An independent laboratory testing of ‘S.-VF1’ known as ‘Samson Technology’ in the US by Colgate-Palmolive shows that it can be recycled in a high-density polyethylene containers (HDPE) recycling stream, with minor recyclability issues. ‘S.-VF1’ is a directly printed toothpaste packaging made of HDPE containing 5% (by weight) of ethylene vinyl alcohol (EVOH) barrier, and a polyethylene terephthalate (PET) insert.
According to the results that were obtained from the laboratory tests done by the Institut für Kunststofftechnologie und -recycling (IKTR), carried out as per the Recyclability Evaluation Protocol for HDPE containers the tube is considered to be compatible with recycling.
The laboratory analysis shows that the recycled material derived from ‘S.-VF1’, to produce new HDPE bottles, demonstrate minimal differences when compared to other HDPE bottles that were made of a recyclate which did not contain the innovative material. This means that the recycled material generated by processing ‘S.-VF1’ tubes can be used back in similar products as it was attested as being relevant for high-end applications. However, the innovative tube has a small adverse impact on the recycling yields due to mass losses (around 20%), resulting from the PET insert.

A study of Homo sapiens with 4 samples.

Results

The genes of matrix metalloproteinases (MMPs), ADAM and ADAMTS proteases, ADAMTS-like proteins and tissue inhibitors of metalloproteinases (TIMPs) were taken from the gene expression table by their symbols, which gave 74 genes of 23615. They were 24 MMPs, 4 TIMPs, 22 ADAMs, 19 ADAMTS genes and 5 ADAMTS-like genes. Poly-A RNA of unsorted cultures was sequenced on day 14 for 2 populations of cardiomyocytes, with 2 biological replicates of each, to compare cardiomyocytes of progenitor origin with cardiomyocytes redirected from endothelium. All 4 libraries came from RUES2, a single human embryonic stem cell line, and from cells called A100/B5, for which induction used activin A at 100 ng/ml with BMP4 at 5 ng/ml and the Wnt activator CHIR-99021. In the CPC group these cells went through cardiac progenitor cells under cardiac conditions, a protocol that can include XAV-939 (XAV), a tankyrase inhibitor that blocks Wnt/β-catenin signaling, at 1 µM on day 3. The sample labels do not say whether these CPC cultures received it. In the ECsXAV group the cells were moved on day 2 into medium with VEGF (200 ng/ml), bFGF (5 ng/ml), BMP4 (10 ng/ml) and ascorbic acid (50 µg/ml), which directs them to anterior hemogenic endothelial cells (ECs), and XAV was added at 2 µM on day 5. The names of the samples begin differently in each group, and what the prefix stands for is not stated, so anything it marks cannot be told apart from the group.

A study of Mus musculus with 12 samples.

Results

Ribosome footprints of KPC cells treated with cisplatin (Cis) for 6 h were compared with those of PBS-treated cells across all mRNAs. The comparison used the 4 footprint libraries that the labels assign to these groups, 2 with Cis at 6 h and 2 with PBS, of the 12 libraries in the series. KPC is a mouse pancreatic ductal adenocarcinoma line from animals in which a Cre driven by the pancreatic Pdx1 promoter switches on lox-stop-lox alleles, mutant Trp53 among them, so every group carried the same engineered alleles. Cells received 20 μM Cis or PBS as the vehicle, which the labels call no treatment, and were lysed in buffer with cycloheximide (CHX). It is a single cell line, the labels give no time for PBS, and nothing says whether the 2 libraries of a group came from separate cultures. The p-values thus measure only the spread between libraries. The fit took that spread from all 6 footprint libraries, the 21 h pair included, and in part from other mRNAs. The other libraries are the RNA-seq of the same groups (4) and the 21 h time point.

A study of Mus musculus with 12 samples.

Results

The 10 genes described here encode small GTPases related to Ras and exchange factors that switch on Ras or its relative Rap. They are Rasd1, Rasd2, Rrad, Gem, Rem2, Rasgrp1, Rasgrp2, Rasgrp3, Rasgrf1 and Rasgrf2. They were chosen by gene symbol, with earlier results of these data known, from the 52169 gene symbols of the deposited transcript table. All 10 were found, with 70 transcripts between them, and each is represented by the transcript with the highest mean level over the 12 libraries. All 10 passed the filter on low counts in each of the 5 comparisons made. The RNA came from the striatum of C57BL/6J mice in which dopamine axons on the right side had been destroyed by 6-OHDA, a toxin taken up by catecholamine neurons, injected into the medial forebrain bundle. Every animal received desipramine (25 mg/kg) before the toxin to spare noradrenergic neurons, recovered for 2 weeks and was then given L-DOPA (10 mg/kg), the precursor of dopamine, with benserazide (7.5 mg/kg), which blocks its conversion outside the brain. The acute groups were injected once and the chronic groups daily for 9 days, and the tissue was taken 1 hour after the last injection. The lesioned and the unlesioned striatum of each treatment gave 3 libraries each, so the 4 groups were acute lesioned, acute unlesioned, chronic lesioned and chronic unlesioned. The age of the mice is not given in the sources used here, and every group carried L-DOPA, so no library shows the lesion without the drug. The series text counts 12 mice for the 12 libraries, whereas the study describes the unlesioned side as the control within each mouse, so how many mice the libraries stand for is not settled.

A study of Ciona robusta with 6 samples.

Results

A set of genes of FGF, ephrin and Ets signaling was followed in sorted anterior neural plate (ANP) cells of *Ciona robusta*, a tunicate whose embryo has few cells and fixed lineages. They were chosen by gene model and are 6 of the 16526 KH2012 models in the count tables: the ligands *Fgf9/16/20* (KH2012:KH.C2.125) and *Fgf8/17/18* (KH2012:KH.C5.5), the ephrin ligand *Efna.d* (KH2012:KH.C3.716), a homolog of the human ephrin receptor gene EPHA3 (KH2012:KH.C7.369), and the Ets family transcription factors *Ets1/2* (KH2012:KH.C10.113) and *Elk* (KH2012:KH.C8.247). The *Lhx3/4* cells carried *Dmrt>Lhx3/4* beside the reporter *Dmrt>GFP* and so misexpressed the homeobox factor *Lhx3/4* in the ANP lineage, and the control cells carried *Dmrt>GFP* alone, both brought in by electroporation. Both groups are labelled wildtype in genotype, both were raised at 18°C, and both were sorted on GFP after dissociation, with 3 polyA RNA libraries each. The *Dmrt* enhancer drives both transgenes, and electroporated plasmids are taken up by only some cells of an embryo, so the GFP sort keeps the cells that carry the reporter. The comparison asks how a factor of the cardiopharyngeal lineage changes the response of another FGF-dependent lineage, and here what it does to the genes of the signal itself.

Consequently, RecyClass certifies that ‘S.-VF1’ tube will not have a negative impact on the current European HDPE containers recycling provided that this type of tubes is designed under specific conditions. These include, among others, the requirement on the composition of the body of the package which must be white and has to be made of PE. Additionally, any other components like for example closures, liners, seals and valves, must be made of polyethylene (PE). The use of EVOH as a functional barrier, on the other hand, must be limited to 5% of the total weight of the tube. The full list of the conditions can be found in the Colgate Palmolive RecyClass Product Approval.
The Colgate-Palmolive’s ‘S.-VF1’ tube received, equally, last year a recognition on its recyclability from The Association of Plastics Recyclers (APR) in the US.
The findings of the RecyClass testing contribute to the constructive developments within the design for recycling for toothpaste packaging and overall, add to the developments in increasing the recycling rates in this stream.